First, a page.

Old 03-31-2013, 04:53 PM
The Ghost ( Lo spettro ) 1963

Directed by Riccardo Fredda
Starring :
Barbara Steele...Margeret Hitchcock
Peter Baldwin...Charles Livingstone
Elio Jotta...Dr. Charles Hitchcock

The 60s were without a doubt a fruitful and productive time for gothic horror made in bella italia. Mainly inspired by the international success of Mario Bavaīs seminal Mask of Satan fellow italian filmmakers like Antonio Margareti and in the case of The Ghost Riccardo Fredda got a chance to shine on similar projects. WIth Fredda the story is slightly different than most of his peers, when the gothic-boom started he was already an old dog in the biz, having famously deserted the sets of I Vampiri and Caltiki - The Immortal Monster and thus allowing Mario Bava to step in. Sources agree that Fredda never had a personal relationship to his work in the field and actually disowned a lot of his own movies. With that said, his best works still represent euro-horror at itīs most atmospheric and evocative with a gift to conjure up atmosphere parallelled by Bava only. Although he didnīt leave a canon the size and quality of his former protegé the quality and influence of his work is obvious.

The Ghost
was Freddaīs follow up to The Horrible Secret of Dr. Hitchcock , quite a special film in itīs own right, and reunited the director with goth-horror goddess Barbara Steele, who gave performances for some of the best films in the genre. It bears zero relation to the earlier film however, hoovering over some character names only which might as well be a matter of distribution and international re-titeling I assume. The story finds Steele again up to no good as she plans to murder her paralyzed husband with her lover (hubbies doctor, rather conviniently). Unfortunatly for the couple, old Dr. Hitchcock who had a knack for seances and the world beyond in general comes back to haunt them in vicious ways.

What makes Riccardo Freddaīs work special is hard to define. Thereīs always something "off" about his films, the editing is clumsy, plot ends are left for dead in the blink of an eye (no uncut version of The Secret of Dr. Hitchcock revails the fate of a key character ), special effects are often rather crude (check out Tragic Ceremony and The Inguena with the Tongue of Fire) and in general it seems like his often quoted desinterest for the acutal quality of his work. That brings him closer to the likes of Jesse Franco in terms of attitude and style, only a good few years earlier. The fascinating thing is that there are parts and aspects to all his films that feel absolutely overwhelming in how skilled they are worked out. In The Ghost many of the described atributes can be found: The combination of photography, music and atmosphere are definitely one of a kind - compared to Mario Bava or rather, any other horror movie from that time. The Hitchcock household looks beautiful and bleak at the same time and the characters reflect their surroundings, there are no positive figures to identify with and once the story gets going itīs pretty clear that there wonīt be a happy ending. On the surface, this kind of film is more "Corman" than "Bava", like in Secret, the movie takes place in great britan rather than the more obscure eastern european flavor of Mask of Satan. If I may compare the two directors work one last time in this review I would say that Fredda turns the romantic ambiance of Bava into a darker, more subtile form where terror comes less flashy but more creeping. The Ghost is carefully structured visual wise, turning the regular goth formula into something much more "human" and "closer to home" during the final minutes. This said, this isnīt a movie to watch for the plot. Itīs not hard to tell how things will turn out and in the big picture, youīve seen all this before in other movies from that period.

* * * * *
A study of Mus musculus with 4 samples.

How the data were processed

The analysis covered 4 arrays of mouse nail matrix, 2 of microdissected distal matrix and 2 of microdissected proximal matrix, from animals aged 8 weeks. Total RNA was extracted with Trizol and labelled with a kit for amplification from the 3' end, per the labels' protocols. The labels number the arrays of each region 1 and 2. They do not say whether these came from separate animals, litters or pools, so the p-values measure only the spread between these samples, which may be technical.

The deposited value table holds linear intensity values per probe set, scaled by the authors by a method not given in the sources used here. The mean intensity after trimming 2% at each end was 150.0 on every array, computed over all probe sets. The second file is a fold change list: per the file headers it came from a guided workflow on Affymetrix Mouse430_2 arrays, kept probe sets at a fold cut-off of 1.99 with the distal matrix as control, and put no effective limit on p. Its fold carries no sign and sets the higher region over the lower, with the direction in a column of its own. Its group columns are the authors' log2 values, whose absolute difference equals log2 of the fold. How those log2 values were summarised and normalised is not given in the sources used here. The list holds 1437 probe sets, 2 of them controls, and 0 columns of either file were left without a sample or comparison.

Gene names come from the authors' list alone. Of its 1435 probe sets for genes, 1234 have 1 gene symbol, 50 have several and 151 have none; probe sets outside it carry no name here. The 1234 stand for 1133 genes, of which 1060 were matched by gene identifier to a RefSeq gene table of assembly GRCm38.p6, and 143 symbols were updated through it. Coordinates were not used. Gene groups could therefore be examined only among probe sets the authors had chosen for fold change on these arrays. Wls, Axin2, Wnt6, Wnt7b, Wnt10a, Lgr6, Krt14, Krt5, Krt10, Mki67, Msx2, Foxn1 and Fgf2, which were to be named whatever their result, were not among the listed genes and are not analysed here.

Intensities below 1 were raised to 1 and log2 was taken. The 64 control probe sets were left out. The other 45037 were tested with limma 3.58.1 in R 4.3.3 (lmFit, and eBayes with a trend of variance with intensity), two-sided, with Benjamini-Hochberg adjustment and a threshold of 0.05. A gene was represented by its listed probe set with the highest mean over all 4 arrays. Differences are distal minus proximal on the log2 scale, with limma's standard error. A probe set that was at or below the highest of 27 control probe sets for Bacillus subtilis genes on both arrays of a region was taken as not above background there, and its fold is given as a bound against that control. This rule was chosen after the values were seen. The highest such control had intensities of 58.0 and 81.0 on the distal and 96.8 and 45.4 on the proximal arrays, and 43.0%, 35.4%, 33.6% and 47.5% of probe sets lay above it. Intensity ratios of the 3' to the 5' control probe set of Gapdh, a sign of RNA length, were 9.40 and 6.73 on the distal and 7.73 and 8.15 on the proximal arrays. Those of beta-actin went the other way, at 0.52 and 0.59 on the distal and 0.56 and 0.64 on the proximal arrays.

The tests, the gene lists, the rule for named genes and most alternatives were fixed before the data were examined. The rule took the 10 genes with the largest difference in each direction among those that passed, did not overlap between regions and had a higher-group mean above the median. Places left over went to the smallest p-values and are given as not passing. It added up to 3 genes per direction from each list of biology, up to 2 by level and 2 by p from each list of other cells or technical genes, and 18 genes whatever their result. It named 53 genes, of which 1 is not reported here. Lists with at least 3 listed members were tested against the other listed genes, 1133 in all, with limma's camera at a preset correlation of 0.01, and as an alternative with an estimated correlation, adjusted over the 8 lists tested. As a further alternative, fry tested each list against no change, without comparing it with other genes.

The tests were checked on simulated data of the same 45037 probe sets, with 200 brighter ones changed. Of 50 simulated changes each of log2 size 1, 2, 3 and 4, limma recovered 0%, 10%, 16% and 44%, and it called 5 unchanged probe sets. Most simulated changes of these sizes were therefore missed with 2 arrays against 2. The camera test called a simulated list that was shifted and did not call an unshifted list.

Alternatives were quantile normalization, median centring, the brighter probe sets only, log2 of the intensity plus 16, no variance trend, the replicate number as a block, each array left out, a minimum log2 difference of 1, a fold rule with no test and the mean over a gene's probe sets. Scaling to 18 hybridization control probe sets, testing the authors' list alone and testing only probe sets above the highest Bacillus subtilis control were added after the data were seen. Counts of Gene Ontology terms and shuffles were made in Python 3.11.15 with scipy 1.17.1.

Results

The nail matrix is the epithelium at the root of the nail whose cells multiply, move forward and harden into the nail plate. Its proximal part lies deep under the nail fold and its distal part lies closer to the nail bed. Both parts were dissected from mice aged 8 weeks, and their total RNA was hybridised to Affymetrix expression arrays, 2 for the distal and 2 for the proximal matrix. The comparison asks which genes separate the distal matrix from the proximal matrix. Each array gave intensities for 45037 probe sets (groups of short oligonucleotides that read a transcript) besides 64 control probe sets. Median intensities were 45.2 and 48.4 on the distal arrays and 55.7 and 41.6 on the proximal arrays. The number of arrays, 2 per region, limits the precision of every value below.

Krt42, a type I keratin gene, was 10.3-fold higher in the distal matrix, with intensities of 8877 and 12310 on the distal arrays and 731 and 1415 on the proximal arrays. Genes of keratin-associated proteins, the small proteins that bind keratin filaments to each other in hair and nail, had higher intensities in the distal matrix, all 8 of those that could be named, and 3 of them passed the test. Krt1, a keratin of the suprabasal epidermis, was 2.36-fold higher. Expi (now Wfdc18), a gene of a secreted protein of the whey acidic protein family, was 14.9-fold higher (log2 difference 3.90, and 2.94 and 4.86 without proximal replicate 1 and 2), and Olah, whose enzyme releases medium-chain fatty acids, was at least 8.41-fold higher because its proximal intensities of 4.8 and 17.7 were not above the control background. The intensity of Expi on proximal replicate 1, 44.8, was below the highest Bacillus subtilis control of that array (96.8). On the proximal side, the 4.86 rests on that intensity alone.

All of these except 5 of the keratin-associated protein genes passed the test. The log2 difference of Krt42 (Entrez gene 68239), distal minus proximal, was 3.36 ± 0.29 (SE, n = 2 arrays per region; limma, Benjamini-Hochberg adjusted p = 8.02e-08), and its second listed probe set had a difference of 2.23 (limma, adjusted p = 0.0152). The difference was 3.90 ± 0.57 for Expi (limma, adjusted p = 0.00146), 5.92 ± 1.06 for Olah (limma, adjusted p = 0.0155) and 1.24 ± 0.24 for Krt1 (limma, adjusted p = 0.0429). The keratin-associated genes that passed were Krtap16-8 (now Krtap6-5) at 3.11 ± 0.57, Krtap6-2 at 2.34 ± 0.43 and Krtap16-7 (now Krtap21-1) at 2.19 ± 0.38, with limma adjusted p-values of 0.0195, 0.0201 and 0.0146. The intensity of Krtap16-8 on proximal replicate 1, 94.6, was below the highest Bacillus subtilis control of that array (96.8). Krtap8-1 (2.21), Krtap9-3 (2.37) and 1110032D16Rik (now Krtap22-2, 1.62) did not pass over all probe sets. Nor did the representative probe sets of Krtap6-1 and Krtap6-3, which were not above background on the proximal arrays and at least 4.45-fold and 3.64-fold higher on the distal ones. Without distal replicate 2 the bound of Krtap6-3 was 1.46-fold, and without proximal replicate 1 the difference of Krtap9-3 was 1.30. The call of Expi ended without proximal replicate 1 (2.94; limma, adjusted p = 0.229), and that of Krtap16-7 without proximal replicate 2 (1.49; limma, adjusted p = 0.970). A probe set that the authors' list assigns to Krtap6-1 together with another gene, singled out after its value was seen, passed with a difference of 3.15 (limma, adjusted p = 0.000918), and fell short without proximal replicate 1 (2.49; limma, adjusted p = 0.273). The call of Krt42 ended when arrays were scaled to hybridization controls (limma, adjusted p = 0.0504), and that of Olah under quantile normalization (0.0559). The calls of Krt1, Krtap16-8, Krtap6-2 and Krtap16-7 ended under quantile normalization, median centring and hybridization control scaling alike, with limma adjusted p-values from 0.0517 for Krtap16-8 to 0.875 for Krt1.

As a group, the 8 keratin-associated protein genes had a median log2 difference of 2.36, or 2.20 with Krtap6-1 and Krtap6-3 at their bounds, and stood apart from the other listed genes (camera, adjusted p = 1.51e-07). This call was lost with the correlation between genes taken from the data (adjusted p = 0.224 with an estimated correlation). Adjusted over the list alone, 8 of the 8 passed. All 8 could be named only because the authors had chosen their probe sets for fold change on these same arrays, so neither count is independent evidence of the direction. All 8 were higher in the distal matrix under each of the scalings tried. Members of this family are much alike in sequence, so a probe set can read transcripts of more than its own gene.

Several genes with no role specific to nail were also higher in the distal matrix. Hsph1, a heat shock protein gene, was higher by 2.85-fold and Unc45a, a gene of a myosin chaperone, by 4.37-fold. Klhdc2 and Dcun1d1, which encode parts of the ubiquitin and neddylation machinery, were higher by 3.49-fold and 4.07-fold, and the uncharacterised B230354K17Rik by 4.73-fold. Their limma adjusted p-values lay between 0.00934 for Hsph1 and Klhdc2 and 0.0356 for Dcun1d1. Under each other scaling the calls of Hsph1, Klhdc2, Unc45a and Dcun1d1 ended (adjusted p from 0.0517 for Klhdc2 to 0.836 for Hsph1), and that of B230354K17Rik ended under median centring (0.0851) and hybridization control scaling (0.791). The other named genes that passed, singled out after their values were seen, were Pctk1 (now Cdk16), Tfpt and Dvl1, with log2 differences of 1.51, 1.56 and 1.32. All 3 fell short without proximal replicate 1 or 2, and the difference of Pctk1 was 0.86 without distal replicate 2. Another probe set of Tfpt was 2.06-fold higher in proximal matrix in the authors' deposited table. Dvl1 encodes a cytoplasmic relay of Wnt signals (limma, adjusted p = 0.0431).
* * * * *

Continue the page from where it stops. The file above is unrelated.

This is a mood film, one that either gets you or doesnīt depending on your state of mind. It requires some time to get going but if you look carefully there are little things that make this rather special. Upon my recent viewing I found lots of scenes that later made their way into much-later american films like The Changeling or Two Evil Eyes, lest we forget the films of Dario Argento. The Ghost wouldnīt be half as enticing without the presence of Barbara Steele, though. While this isnīt my favorite performance of her she has some unforgetable moments just check out both scenes featuring a shaving blade. Her presence alone makes the movie worth seeing, for my money no other actress then and now embodies the beauty in the devil more than her. Harriet White Medin appeared in many euro-horror films and is always good to see, sheīs like a pendant in italian horror to Hammer Studioīs Micheal Ripper. Elio Lotta plays a character much like the ones type-written for Vincent Price in the Corman-Poe series and does a good show at that. I also mentioned the score - itīs dark, classical horror-movie music that belongs to may favorite works in that genre, bringing to mind requiem masses and fits the funeral ambience like a glove.

Itīs a shame that Freddaīs work is hard to come by in decent versions - in the case of The Ghost the english dubbing hurts the experience quite a bit. Itīs cheesy as fuck in parts and doesnīt do the overall positive "off" feeling any favours. Watching this one canīt imagine how striking some of the shots would be with better picture and in scope. Hopefully in the future someone will go the extra mile and put together a proper release for it but as it is, Dr. Hitchcock will be limited to haunt 50-movie boxes at your favorite electric market. Still I say itīs worth the effort for serious euro-nuts and Barbara Steele worshippers. A neat and mean little film thatīs a lot meaner than you think.